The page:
It was the first week of college, and I felt funky. Ostracized to Baits II housing, I decided to hit the town as a fresh blood and search for a hipster coffee shop with the hopes of preventing alienation from creeping in at all corners.

Trying to convince myself that at I was a maverick, I traveled off of central campus and down Liberty Street until I stumbled upon RoosRoast. Feeling fragile, I walked in, and I immediately noticed a man sitting at a Pacman machine, latté in hand: An absolute vibe. Having wrote my college app essay about Pacman as an outlet for feeling stress, I gasped while turning towards the coffee bar, scanning the space. This moment serves as an emblem of my entry into finally feeling like an actual college human — the quaint atmosphere precisely matched the funkiness I was feeling in the most attractive, comforting way. I sipped the smooth coffee, examining the enthralling RoosRoast merchandise and the skills of my fellow Pacman comrade. The rest is history.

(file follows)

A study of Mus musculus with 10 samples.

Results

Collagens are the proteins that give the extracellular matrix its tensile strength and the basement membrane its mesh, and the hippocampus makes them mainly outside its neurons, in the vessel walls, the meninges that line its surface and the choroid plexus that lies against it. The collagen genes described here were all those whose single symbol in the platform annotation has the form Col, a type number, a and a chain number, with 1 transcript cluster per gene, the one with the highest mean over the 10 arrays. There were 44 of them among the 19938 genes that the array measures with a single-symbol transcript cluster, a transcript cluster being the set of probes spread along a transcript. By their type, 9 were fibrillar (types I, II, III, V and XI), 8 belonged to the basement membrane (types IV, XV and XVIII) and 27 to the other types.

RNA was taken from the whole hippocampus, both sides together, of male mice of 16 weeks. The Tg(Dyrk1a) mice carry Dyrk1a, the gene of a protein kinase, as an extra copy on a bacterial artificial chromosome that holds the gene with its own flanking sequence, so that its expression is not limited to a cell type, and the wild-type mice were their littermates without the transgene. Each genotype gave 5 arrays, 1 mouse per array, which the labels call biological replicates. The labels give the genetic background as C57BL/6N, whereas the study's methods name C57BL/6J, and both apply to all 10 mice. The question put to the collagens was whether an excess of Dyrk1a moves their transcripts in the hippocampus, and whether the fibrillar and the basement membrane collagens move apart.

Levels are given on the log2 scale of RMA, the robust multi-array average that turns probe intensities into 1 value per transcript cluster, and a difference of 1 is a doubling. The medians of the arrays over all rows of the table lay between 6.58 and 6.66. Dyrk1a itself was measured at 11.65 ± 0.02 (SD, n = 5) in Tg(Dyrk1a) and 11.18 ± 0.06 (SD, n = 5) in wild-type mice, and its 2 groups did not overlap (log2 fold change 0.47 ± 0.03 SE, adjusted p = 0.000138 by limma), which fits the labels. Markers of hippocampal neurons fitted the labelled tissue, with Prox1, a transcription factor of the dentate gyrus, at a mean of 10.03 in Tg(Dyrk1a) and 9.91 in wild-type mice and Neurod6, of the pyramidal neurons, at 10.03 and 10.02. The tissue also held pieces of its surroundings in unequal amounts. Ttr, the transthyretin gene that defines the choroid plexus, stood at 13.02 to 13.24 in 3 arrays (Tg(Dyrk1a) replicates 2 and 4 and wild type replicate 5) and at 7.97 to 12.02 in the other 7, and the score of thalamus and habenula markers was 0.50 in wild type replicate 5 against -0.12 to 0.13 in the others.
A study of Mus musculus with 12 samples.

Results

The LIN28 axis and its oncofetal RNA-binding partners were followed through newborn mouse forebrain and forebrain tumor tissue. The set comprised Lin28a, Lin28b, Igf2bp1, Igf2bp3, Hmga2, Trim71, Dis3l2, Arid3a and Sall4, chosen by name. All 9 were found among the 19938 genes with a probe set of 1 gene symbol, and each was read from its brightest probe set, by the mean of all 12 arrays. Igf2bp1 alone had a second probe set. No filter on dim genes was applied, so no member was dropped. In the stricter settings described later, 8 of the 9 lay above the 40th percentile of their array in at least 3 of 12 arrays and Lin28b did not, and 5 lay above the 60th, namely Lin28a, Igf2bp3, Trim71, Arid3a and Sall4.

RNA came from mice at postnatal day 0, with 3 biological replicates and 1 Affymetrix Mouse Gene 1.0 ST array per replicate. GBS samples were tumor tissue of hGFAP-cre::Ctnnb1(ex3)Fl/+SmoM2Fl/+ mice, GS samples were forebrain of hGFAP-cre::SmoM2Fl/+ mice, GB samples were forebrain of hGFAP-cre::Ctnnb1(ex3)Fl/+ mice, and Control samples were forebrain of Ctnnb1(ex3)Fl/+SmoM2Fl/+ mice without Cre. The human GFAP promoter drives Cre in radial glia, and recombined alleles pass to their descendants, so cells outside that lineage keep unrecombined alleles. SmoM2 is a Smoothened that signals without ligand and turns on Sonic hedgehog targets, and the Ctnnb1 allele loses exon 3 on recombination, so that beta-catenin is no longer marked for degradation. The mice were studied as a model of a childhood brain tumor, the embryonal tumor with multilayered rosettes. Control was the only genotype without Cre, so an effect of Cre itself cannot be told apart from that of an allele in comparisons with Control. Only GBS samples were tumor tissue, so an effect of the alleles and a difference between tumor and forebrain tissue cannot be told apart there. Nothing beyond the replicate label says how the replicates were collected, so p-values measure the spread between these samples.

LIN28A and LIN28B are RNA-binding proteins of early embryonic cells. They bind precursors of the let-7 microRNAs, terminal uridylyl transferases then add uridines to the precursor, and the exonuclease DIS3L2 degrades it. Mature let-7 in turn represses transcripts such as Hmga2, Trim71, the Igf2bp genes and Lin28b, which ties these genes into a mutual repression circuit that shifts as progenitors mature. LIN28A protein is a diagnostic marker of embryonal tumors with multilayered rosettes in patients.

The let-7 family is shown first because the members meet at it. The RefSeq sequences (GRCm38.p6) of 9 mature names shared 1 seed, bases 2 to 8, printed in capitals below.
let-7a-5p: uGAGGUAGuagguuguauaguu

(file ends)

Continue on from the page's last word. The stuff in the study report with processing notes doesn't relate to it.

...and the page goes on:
That’s the glory of RoosRoast: It’s funky and it’s welcoming. The eccentric artwork and the wacky coffee blends with names like “Lobster Butter Love” and “Bad Ass Women” make RoosRoast instinctually groovy, inviting honest moments of friendship, self-reflection, and grinding through tasks and thoughts.

John Roos, the self-taught mastermind behind RoosRoast’s artwork, imports coffee beans from all over the world to make phenomenal coffee with The Loring Smart Roaster, which reduces energy consumption by 80 percent (compared to the average roaster). RoosRoast coffee is carried at local restaurants like Jerusalem Garden, all the way to bigger vendors like Plum Market and Whole Foods. RoosRoast ships across the country, sharing their kooky, loving vibes with every roast, and comforting coffee lovers everywhere.